After an energizing breakfast we depart from Cirauqui and begin our walk through Navarra’s rich agricultural fields of olives, grapes, almonds, and fruit trees.
This wine-producing region is located mainly in the centre and eastern part of Navarra, and while not as well known as other wine regions in Spain, it has a long history of winemaking dating back to Roman times. Traditionally, the production of red wines was dominant in the region, but in recent years, rosé wines (rosado) have gained significant popularity and recognition. Indeed, this may be one of the few regions in Spain where rosés are as popular as reds and whites. Like many reds in Spain, the Tempranillo grape variety is the most common in the region. However, wines are also produced using Garnacha and even Cabernet Sauvignon and Merlot.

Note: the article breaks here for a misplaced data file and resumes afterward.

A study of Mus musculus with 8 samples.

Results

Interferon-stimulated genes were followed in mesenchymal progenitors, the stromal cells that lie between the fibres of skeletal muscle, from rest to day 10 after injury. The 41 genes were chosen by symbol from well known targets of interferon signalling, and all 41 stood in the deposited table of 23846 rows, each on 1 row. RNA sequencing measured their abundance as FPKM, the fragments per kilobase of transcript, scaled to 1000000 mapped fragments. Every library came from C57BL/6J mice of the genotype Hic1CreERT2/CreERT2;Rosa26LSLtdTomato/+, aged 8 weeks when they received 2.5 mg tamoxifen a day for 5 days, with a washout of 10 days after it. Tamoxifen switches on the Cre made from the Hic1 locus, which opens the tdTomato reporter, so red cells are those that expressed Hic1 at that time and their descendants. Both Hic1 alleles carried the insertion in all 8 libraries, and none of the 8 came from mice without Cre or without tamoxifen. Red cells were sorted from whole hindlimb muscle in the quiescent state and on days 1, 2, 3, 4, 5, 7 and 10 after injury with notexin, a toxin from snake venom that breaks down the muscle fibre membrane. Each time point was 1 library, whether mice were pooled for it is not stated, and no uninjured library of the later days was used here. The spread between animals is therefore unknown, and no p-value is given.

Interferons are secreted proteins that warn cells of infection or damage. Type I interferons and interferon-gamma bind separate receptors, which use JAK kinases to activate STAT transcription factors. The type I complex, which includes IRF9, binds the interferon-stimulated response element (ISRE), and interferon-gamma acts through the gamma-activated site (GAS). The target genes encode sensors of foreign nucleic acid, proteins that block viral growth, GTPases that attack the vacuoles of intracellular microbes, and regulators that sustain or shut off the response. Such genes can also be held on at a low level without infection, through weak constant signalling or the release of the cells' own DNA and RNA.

After a few kilometers, we soon find ourselves along ancient Roman roads and a bridge that leads into Lorca. After a few ups and downs, we enter the town of Estella, an important merchant hub in the 11th century. We pass through Estella’s historical center, wandering through its narrow streets. Churches, manor homes, and other historical buildings dating to different periods make Estella a veritable outdoor museum. The most notable are the 12th-century Palace of the Kings of Navarre, the Romanesque churches of San Pedro de la Rúa and San Miguel with their outstanding sculptures, and the somewhat weathered but still impressive Church of the Holy Sepulchre dating to the 12th century.
After walking around the old town, we sit down with our group over dinner and plan for the days to come.